Limitations on Imaging Performance


1. Introduction

Imaging performance can be limited in many different ways. Some of the most common are listed in the following subsections.

2. Image Fidelity

With conventional point-source calibration methods, and even under the best observing conditions, the achieved dynamic range will rarely exceed a few hundred. The limiting factor is usually the atmospheric phase stability. If the target source contains more than 50 mJy in compact structures (depending somewhat on band), self-calibration can be counted on to improve the images. If the atmospheric coherence time is several minutes or longer, weaker sources can be used for self-cal; for shorter coherence times and less sensitive bands, stronger sources will be needed. Dynamic ranges in the thousands can be achieved using these techniques. With the new WIDAR correlator, much greater bandwidths and much higher sensitivities are available, and we expect self-calibration methods will be extendable to observations of sources with much lower flux densities than the current limits.

3. Invisible Structures

An interferometric array acts as a spatial filter, so that for any given configuration, structures on a scale larger than the fringe spacing of the shortest baseline will be completely absent. Diagnostics of this effect include negative bowls around extended objects, and large-scale stripes in the image. Table 5 gives the largest scale visible to each configuration/band combination.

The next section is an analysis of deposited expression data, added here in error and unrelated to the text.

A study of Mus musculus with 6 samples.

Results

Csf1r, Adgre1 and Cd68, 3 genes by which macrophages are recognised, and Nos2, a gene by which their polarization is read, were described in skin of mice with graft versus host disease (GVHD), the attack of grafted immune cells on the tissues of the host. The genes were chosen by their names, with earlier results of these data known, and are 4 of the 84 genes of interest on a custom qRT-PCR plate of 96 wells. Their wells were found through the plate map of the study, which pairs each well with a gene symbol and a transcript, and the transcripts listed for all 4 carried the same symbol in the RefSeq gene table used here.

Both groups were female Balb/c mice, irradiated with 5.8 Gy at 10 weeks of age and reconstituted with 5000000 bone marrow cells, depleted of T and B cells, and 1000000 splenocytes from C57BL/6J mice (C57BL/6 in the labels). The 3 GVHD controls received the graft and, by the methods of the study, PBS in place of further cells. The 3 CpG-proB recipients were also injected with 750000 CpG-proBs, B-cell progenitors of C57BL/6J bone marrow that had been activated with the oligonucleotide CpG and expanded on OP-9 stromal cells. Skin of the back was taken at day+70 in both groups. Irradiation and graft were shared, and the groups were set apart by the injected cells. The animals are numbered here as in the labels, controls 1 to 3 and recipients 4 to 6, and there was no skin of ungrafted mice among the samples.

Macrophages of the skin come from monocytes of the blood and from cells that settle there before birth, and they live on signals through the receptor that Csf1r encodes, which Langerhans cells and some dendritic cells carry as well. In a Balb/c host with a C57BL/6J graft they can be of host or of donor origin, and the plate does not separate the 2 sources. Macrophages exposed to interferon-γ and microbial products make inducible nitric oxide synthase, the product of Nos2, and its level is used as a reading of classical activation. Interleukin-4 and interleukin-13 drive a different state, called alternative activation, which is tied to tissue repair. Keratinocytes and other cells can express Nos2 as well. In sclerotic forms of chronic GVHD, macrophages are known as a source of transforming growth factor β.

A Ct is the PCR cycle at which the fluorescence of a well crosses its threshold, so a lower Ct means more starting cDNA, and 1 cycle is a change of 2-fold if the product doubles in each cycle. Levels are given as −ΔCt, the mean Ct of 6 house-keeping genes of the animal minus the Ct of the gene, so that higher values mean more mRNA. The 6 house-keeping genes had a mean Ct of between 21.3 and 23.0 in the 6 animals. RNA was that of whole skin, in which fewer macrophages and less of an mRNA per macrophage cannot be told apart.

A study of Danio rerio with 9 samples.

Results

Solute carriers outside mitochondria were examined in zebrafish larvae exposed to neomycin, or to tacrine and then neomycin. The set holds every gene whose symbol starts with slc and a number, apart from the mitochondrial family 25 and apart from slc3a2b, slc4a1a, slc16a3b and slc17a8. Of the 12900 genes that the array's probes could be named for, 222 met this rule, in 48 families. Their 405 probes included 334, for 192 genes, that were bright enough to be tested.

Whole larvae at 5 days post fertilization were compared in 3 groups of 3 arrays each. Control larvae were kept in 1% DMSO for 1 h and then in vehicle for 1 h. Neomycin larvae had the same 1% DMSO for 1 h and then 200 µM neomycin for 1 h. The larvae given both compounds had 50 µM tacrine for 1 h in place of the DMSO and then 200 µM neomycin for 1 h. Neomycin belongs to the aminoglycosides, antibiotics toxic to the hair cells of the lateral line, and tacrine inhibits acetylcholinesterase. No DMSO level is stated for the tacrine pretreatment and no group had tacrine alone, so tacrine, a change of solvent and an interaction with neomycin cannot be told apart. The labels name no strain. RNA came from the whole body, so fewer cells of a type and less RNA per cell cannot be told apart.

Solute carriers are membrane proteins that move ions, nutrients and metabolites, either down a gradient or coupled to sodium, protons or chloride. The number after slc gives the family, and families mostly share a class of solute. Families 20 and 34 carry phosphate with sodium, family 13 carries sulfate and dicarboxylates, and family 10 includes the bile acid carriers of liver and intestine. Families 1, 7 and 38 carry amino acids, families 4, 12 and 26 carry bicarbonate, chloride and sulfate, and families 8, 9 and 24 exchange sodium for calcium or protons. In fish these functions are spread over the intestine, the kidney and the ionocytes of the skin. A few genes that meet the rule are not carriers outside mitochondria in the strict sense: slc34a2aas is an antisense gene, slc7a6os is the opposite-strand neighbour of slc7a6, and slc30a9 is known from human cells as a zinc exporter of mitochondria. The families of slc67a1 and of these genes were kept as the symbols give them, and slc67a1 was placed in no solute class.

4. Poorly Sampled Fourier Plane

Unmeasured Fourier components are assigned values by the deconvolution algorithm. While this often works well, sometimes it fails noticeably. The symptoms depend upon the actual deconvolution algorithm used. For the CLEAN algorithm, the tell-tale sign is a fine mottling on the scale of the synthesized beam, which sometimes even organizes itself into coherent stripes. Further details are to be found in Reference 1 in Documentation.

5. Sidelobes from Confusing Sources

At the lower frequencies, large numbers of detectable background sources are located throughout the primary antenna beam, and into its first sidelobe. Sidelobes from those sources which have not been deconvolved will lower the image quality of the target source. Although bandwidth smearing and time-averaging will tend to reduce the effects of these sources, the very best images will require careful imaging of all significant background sources. The deconvolution tasks in AIPS (IMAGR) and CASA (clean) are well suited to this task.

6. Sidelobes from Strong Sources

An extension of the previous section is to very strong sources located anywhere in the sky, such as the Sun (especially when a flare is active), or when observing with a few tens of degrees of the very strong sources Cygnus A and Casseopeia A. Image degradation is especially notable at lower frequencies, shorter configurations, and when using narrow-bandwidth observations (especially in spectral line work) where chromatic aberration cannot be utilized to reduce the disturbances. In general, the only relief is to include the disturbing sources in the imaging, or to observe when these objects are not in the viewable hemisphere.